I accepted an offer from a publisher recently on a non-fiction title. It's my first book and naturally I'm excited. My agent negotiated a good deal since which time the publisher has not been in touch. Is this normal? How long can I expect to wait between accepting an offer and signing the contract?

1 Answer 1


Congratulations on your book offer!

It depends on how quickly the publisher's legal department generates and sends the contract to you and/or your agent. One service your agent should be providing is contract review to remove the onerous clauses that publishers almost invariably attempt to insert into contracts, especially with first-time authors. For example, no author should accept cross-collaterization, which is a nasty clause where revenues from subsequent books you do for the publisher (not revisions, different books), are made to pay back advances on the first book. Publishers try to stick that in, and are almost always willing to take it right out when the author objects. Similarly, a no-compete clause should be removed, as well as overly-broad rights grabs.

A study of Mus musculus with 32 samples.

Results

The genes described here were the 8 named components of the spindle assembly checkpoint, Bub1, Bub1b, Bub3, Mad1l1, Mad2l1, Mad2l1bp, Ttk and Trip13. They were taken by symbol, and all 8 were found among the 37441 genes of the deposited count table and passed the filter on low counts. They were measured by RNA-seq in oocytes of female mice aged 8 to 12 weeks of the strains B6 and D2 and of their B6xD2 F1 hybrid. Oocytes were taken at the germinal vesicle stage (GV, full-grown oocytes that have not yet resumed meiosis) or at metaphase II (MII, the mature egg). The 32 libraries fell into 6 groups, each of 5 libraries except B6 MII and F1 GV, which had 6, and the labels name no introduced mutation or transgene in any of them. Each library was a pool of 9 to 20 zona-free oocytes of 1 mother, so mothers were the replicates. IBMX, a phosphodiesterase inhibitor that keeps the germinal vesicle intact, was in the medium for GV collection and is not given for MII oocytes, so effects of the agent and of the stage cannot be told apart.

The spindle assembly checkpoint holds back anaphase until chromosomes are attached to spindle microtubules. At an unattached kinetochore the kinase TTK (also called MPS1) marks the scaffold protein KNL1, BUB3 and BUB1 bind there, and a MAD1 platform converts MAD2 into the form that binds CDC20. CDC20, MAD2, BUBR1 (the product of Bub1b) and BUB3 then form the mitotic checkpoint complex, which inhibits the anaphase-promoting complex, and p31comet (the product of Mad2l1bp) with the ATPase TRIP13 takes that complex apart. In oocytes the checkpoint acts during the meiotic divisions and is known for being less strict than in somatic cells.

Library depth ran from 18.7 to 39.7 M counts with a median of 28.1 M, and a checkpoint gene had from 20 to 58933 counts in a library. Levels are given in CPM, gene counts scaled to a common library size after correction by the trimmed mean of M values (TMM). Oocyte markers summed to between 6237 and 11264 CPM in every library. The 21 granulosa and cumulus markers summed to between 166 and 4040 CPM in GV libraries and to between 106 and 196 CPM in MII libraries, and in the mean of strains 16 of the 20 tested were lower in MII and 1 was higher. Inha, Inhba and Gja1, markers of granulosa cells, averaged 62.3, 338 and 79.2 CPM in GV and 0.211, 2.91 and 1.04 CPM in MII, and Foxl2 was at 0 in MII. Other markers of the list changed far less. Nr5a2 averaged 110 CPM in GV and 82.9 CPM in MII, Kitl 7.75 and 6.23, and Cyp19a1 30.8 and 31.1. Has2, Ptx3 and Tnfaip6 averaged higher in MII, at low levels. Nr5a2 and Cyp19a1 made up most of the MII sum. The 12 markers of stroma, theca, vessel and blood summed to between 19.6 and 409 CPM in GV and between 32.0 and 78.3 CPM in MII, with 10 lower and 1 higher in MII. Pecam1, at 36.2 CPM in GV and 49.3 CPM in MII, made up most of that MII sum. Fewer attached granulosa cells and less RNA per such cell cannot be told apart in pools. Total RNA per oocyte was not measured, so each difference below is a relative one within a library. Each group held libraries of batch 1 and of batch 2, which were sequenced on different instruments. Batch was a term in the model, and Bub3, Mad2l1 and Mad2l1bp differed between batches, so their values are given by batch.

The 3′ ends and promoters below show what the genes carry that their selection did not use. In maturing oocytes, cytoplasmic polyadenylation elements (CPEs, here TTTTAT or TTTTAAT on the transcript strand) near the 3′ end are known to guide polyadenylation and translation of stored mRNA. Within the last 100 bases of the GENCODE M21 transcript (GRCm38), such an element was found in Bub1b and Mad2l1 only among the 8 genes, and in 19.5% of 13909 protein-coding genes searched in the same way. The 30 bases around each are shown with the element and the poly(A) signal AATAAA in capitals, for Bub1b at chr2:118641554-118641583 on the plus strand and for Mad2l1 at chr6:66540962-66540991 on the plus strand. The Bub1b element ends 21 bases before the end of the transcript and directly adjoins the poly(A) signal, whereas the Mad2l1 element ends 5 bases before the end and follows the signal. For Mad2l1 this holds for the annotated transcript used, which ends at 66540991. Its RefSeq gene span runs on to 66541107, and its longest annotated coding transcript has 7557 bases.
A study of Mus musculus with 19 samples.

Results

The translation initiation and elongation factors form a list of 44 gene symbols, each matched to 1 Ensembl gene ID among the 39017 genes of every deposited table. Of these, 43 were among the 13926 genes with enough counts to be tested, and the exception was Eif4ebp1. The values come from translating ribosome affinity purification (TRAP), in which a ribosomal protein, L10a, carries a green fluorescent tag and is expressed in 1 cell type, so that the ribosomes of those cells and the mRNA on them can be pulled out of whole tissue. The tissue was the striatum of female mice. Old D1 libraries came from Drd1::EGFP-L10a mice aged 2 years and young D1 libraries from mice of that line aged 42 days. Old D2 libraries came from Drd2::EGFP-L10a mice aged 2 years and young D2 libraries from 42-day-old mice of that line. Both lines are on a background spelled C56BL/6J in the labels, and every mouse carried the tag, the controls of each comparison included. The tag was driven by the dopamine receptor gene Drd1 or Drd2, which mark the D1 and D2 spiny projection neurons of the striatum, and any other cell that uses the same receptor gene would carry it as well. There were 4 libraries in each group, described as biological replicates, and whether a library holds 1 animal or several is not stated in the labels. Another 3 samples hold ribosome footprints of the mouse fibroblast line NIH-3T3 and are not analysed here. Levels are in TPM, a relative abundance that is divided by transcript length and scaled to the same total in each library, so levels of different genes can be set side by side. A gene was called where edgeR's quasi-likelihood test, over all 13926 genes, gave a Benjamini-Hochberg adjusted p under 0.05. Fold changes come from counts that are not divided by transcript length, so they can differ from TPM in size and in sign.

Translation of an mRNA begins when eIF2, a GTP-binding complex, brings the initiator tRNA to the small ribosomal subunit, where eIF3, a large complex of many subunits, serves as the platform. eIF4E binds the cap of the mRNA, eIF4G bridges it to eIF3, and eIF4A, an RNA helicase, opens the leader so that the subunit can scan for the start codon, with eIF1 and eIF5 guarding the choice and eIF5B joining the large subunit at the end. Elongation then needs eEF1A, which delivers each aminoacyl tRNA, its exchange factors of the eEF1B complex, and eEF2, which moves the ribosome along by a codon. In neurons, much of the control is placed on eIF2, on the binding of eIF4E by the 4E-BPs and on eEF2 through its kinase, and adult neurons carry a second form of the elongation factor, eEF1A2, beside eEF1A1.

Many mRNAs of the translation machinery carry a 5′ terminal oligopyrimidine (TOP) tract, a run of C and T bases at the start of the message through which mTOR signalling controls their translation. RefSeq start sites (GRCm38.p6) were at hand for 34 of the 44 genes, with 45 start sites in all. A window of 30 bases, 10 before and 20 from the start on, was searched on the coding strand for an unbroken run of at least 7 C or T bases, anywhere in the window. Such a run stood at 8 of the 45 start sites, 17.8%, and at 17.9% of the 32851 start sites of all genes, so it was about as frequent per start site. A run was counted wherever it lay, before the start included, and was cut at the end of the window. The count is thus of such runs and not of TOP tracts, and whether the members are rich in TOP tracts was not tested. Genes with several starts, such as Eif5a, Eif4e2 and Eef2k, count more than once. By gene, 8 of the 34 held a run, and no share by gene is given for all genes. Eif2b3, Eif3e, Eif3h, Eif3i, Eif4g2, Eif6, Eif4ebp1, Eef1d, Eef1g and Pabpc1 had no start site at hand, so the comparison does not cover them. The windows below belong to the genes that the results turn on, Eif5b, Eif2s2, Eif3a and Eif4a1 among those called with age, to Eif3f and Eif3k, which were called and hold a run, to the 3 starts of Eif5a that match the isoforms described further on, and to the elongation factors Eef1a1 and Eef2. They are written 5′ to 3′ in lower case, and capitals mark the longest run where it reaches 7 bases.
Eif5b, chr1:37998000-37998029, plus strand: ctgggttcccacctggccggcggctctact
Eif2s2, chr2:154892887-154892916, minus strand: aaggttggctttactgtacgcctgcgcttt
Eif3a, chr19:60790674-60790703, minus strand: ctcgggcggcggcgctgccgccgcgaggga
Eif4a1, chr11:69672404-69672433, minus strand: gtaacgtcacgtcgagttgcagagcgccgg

I have a long relationship with my principal publisher, and it still takes them as long as a month to get a contract to me after we agree on terms. Other publishers have taken two or three months. I previously had an agent; I no longer do. Being agented did not affect how quickly a contract arrived from a publisher. It did sometimes slow down the signing of the contract, as my agent would raise appropriate objections to contract clauses, requiring another round of contract revisions.

It's appropriate for your agent to query the acquisition editor on contract progress every few weeks.